Don’t miss a beat in 2012: Get facts about fats, heart health
With heart disease the leading cause of death in the United States, according to the Centers for Disease Control and Prevention, it’s time to listen to your heart and get the right kinds of fats into your daily diet. The American Heart Association (AHA) recommends consuming polyunsaturated fats, specifically omega-3 fatty acids, for heart health. But what are these “good fats,” and how do you make them a part of your daily nutrition program?
“Hundreds of studies from prestigious groups like the National Institutes of Health and universities like Harvard and Tufts repeatedly and consistently show that when you add omega-3-rich foods or supplements to the diet, you help to lower your risk for heart disease,” said Elizabeth Somer, a registered dietitian and author of “Eat Your Way to Sexy.” “One important step is making sure your diet is packed with heart-healthy omega-3s. The omega-3s in fatty fish, especially DHA, keep blood vessels squeaky clean and reduce inflammation. They lower heart disease risk; raise HDLs, the good cholesterol; help stabilize the heartbeat; and reduce blood clots, thereby curbing the risk for heart attack and stroke.”
Somer answers some questions about heart health:
Q: What are the main differences between “good fats” and “bad fats?”
A: We often hear that Americans eat too much fat, while people in other parts of the world aren’t eating enough. The truth is that, regardless of fat intake, very few people are eating the right fats. Fats to avoid are saturated and trans fats, which are solid at room temperature, like butter. In contrast, consuming polyunsaturated fatty acids — specifically omega-3s DHA and EPA found in fatty fish — are important for brain, eye and cardiovascular health.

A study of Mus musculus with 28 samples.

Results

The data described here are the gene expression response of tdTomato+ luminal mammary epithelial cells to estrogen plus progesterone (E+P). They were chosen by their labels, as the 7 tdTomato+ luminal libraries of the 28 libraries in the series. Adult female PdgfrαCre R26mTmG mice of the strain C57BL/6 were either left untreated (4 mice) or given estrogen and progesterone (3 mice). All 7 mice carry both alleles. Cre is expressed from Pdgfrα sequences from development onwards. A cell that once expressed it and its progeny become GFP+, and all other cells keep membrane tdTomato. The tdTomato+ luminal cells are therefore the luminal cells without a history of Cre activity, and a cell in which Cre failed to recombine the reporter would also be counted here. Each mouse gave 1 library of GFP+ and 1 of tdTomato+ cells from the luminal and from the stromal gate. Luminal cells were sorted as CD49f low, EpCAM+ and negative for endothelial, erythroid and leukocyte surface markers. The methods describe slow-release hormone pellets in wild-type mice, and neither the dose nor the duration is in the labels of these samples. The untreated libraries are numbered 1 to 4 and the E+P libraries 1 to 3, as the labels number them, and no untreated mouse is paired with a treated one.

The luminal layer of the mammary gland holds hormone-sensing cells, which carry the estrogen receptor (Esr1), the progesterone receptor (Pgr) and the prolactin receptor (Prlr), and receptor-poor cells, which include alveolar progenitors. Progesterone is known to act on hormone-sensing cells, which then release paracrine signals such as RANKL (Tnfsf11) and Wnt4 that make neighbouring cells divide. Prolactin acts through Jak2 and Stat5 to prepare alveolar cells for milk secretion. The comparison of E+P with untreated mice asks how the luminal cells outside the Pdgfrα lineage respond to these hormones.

Q: Doesn’t my body make all of the omega-3s needed to help maintain a strong heart?
A: Many experts have indicated that the omega-3 fatty acids DHA and EPA are essential nutrients due to the limited ability of our body to make enough of them and because of their beneficial health effects. That’s why we must get these nutrients from the foods we eat and supplements. The main dietary source of DHA and EPA is cold-water fish, such as salmon. Unfortunately, studies show the American diet includes far less than the ideal amounts of DHA and EPA. For example, an average U.S. diet contains less than 100 milligrams of DHA per day. That is well below one expert’s recommendation of at least 220 milligrams of DHA per day. Studies show that the more omega-3s you consume, the healthier your heart.
Q: What if I don’t like eating fish — are there other ways to get DHA and EPA into my diet?
A: The most common sources of DHA and EPA omega-3s are fatty fish and fish oil. Interestingly, many people believe that fish produce their own DHA and EPA, but in actuality it is the microalgae in their food chain that make fish such a rich source of omega-3s. For those who do not eat significant amounts of fish due to dietary preferences, allergies, a vegetarian lifestyle or worries about potential ocean-borne pollutants, there are DHA/EPA supplements made from algae. To learn more, visit www.schiffmegared.com.
Q: How much DHA/EPA should I get in my diet?
A: If you’re not getting at least two servings a week of salmon, mackerel, herring or sardines, and you’re not loading foods fortified with an algal-based DHA onto your plate, then make sure to take at least 220 milligrams of DHA in pill form. According to the American Heart Association, people with documented coronary heart disease (CHD) are advised to consume about one gram of EPA and DHA per day.
This article was provided courtesy of ARAcontent.